Sozi Tulante's story is as painfully familiar and individually unique as the journey of many political refugees. His childhood memories of the persecution that forced his family out of Africa have fueled his work as a lawyer and human rights activist. In this essay, Tulante pays respect to his father who worked as a taxi driver for 25 years, in order to send him and his siblings to college. Now as a new father himself, Tulante has another reason to tell his family's story of conquering hardship and settling in a welcoming city.
Caption: Sozi Tulante and his son Kiese
December 15, 1983, a date indelibly etched in my memory. I was eight years old, it was my first day in America, and I was crossing the Delaware River into Philadelphia. On that chilly, cloudless evening, I caught my first glimpse of downtown Philadelphia, impressed by the cavalcade of lights radiating from its imposing skyscrapers jutting high into the sky. We were a motley crew - me, my two younger siblings, my father, and my mother (nine months pregnant with my sister, born a week later), and our driver, the reticent Vietnamese man from a refugee organization who had warmly greeted us at JFK Airport.
My family was on the final leg of a 7,000-mile trek that began two days before in our home in Kinshasa, Zaire, when we were rushed to the airport in the middle of the night to avoid any detection by the secret police. Our trip was only possible because, after my father's release from his brief but brutal detention as a political prisoner, the United States had mercifully ended our nervous wait for a safe haven by granting us asylum.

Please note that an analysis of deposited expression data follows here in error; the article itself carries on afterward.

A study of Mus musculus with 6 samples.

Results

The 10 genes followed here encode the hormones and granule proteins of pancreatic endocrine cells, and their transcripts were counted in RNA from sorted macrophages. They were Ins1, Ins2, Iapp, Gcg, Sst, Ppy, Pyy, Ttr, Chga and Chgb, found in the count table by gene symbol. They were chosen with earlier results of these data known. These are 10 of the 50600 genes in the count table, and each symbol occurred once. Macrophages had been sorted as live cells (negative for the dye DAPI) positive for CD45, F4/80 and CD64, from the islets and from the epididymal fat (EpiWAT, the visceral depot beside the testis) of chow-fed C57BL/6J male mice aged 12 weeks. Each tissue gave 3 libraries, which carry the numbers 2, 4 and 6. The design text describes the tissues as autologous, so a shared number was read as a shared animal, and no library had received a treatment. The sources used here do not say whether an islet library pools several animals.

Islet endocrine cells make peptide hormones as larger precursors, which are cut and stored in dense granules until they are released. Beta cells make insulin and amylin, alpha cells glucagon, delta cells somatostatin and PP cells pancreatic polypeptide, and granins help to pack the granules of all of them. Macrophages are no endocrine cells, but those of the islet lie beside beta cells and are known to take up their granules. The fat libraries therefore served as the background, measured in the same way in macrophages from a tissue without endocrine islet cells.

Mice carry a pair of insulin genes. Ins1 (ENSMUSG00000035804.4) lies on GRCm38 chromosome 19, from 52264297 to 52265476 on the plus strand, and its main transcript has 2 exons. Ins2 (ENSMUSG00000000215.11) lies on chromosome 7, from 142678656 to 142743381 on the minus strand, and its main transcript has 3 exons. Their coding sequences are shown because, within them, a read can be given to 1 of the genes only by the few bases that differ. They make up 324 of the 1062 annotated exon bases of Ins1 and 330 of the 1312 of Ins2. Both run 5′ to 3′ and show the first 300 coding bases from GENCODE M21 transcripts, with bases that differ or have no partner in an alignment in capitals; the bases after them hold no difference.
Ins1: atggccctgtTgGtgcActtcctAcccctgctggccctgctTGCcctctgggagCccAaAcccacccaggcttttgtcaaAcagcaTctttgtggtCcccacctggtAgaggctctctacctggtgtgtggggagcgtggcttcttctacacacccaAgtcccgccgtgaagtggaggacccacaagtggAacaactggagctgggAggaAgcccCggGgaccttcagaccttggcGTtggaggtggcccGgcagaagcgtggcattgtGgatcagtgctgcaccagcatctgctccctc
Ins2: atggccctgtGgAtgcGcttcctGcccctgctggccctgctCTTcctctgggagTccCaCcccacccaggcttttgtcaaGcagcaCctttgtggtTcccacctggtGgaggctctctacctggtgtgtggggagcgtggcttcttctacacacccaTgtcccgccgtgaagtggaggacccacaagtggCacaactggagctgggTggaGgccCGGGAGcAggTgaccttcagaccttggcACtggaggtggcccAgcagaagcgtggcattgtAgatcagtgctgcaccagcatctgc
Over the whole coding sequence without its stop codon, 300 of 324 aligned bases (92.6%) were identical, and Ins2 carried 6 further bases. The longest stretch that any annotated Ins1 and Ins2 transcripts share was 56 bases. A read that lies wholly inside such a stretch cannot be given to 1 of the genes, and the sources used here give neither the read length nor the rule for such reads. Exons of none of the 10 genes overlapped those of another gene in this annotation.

I vividly recall the indescribable blend of wonder, trepidation, and anticipation I felt about what lay ahead: forging new friendships, settling in a new home, learning a new language, all a world apart from virtually everyone and everything I had ever known.
At first, things couldn't have been worse. We lived in parts of North Philadelphia that had suffered the twin scourges of a raging crack-cocaine epidemic and senseless gangbanging. I often went to bed overwhelmed by hunger, even though my parents had swallowed their pride and reluctantly accepted welfare; at school, I concealed my deepening frustration and enduring solitude by lashing out at my teachers and classmates alike.
While our climb was steep, we eventually crafted a place for ourselves in Philadelphia, thanks to my parents' steely determination and unrelenting faith in the promise of Philadelphia. After all, its public schools instilled in my siblings and me a thirst for knowledge that lifted each of us to college, and me to Harvard and Harvard Law School; its hospitals supplied a new liver for my father; and, of course, from that sullen, wintry night until today, this city has been our sanctuary.
So, I believe in Philadelphia. Not just its people, thoroughfares, or parks; nor its sports teams, with their knack to frustrate and uplift their devoted fans in equal measure. I mean the spirit of a City that, beginning with the Quakers, has offered to heal the shattered lives of those escaping persecution. This belief is deeply rooted in the improbable arc of my family's story and that of countless others like us. It is the same longing to reshape their destinies that still carries families every day across Philadelphia's borders.
Today, as I admire the mischievous smiles and wonderful babbles of my five-month-old son Kiese, I know that this belief is real. And years from now, perhaps he, too, will embrace it and proudly and loudly proclaim, This, I believe.